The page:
The U.S. Department of Health and Human Services has adopted a set of guidelines on how it will provide information to the media. The guidelines reaffirm that employees’ contacts with the media must be cleared by a public affairs office, but call on media officials to respond promptly and accurately.
AHCJ had no part in writing the guidelines but had pushed for a media policy that would promote consistency among all HHS agencies and allow reporters to know the ground rules.
Although the guidelines are in force, Richard Sorian, HHS assistant secretary for public affairs, called them a “living document” and said he welcomed feedback.
AHCJ members are encouraged to read the six-page document and share their thoughts with Felice Freyer, Right to Know Committee chair at firstname.lastname@example.org.
Among the key features are:
- An emphasis on timely response and respect for reporters’ deadlines
- Putting bloggers on equal footing with mainstream journalists
- Encouraging, but not requiring, HHS employees to consent to interviews
- Requiring that employees arrange such interviews through media offices
- Allowing employees who speak at conferences or other public events to answer reporters’ questions at that time
- Specifying that “media interviews should be on-the-record and attributable to the person speaking to the media representative, unless an alternate attribution arrangement is mutually agreed upon in advance.”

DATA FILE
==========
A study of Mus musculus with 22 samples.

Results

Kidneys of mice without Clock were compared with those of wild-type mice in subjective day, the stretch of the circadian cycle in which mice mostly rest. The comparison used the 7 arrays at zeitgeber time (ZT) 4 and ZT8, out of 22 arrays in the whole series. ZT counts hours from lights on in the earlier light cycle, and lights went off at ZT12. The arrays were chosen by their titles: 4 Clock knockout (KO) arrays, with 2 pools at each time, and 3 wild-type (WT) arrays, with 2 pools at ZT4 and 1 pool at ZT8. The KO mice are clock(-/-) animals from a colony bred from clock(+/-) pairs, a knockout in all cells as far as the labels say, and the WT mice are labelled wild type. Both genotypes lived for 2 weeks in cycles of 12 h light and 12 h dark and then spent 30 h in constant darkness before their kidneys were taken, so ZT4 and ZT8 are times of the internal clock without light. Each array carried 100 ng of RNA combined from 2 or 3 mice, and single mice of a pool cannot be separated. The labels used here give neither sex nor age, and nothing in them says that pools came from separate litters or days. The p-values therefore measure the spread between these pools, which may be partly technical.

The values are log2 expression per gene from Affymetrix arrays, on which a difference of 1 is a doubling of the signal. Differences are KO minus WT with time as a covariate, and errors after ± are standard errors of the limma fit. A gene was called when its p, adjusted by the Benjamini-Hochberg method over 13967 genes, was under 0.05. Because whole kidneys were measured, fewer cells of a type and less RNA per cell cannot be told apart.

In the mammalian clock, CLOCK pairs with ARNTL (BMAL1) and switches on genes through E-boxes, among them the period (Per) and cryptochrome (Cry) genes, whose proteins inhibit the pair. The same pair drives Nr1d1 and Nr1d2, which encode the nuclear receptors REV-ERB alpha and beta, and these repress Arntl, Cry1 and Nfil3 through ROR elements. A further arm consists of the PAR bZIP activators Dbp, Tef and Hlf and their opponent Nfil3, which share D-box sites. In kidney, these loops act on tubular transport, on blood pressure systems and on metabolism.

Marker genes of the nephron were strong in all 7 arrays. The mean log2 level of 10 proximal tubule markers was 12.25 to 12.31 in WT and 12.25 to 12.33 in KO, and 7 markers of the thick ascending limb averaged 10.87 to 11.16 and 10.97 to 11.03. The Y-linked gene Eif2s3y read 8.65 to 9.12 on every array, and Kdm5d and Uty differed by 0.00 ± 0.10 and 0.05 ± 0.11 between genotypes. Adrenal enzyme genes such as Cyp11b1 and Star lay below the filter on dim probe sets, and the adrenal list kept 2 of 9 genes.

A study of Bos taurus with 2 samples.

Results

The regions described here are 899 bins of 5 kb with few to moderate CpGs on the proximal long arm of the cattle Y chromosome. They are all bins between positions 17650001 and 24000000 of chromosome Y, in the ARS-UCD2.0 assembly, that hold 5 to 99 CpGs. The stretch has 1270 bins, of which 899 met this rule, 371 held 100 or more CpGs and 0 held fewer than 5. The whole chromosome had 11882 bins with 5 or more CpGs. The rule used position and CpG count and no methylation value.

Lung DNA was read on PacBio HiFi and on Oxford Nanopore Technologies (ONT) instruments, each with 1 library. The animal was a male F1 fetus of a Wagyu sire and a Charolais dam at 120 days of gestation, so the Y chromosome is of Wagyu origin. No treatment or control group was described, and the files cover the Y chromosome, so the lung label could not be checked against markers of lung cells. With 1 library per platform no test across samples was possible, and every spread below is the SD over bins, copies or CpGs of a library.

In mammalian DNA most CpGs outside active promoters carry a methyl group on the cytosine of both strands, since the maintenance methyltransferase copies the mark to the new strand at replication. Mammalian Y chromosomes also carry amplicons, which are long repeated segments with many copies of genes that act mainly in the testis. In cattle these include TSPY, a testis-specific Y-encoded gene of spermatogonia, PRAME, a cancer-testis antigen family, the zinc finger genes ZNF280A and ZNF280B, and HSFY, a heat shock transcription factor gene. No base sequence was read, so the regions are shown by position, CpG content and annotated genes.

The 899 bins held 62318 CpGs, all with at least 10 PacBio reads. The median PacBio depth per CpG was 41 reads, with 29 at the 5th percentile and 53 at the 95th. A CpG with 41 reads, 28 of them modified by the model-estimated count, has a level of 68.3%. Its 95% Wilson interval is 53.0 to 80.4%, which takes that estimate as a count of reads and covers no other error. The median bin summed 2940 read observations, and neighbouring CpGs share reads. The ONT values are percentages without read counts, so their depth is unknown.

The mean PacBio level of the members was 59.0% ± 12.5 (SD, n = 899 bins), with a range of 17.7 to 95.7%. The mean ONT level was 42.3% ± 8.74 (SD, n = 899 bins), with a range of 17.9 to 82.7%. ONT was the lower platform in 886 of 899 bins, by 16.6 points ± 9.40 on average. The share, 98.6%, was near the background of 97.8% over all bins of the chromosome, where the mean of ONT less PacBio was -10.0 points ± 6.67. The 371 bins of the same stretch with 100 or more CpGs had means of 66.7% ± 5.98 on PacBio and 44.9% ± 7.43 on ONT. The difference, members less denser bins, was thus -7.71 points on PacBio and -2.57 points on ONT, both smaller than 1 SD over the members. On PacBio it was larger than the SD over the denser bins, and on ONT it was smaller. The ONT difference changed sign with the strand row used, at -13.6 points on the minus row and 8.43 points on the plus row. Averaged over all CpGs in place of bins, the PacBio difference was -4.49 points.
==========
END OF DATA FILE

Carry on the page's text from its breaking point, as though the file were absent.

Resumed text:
Although employees are required to arrange their contacts with the media through the public affairs offices, they do not need to seek approval for scientific, technical or policy articles or commentaries written for peer-reviewed journals.
The guidelines also extend to all HHS agencies the policy on embargoes recently adopted by the Food and Drug Administration. That policy permits reporters to share embargoed materials with sources, provided the sources promise to honor the embargo.
The guidelines do not state whether a media representative must or should listen in on interviews with HHS employees. They also do not address whether reporters from large and small media outlets should be treated equally.
Sorian released the new guidelines Wednesday, after the second quarterly phone conversation between AHCJ and HHS public affairs officers. Freyer and AHCJ President Charles Ornstein spoke with Sorian and others as part of a continuing effort to improve HHS responsiveness to reporters’ requests for information.
Asked whether reporters would ever be allowed to contact and interview federal employees on their own, Sorian said that HHS has no plans to change the policy requiring interview requests to be cleared by a public affairs office. But he emphasized that public affairs officers are supposed to be helpful and should not “shape the interview.” If a reporter feels that press officer has been heavy handed, “we definitely want to hear about that,” he said. Sorian can be reached at Richard.Sorian@hhs.gov.
This guideline is a step backward, not forward. It puts in black and white for the first time what has been informally in practice for over a decade. At least we had an informal way around it in the case of willing government speakers who had sufficient trust to speak on their own terms with us. Now that has gone.
Anyone for a federal lawsuit to restore First Amendment rights on both sides?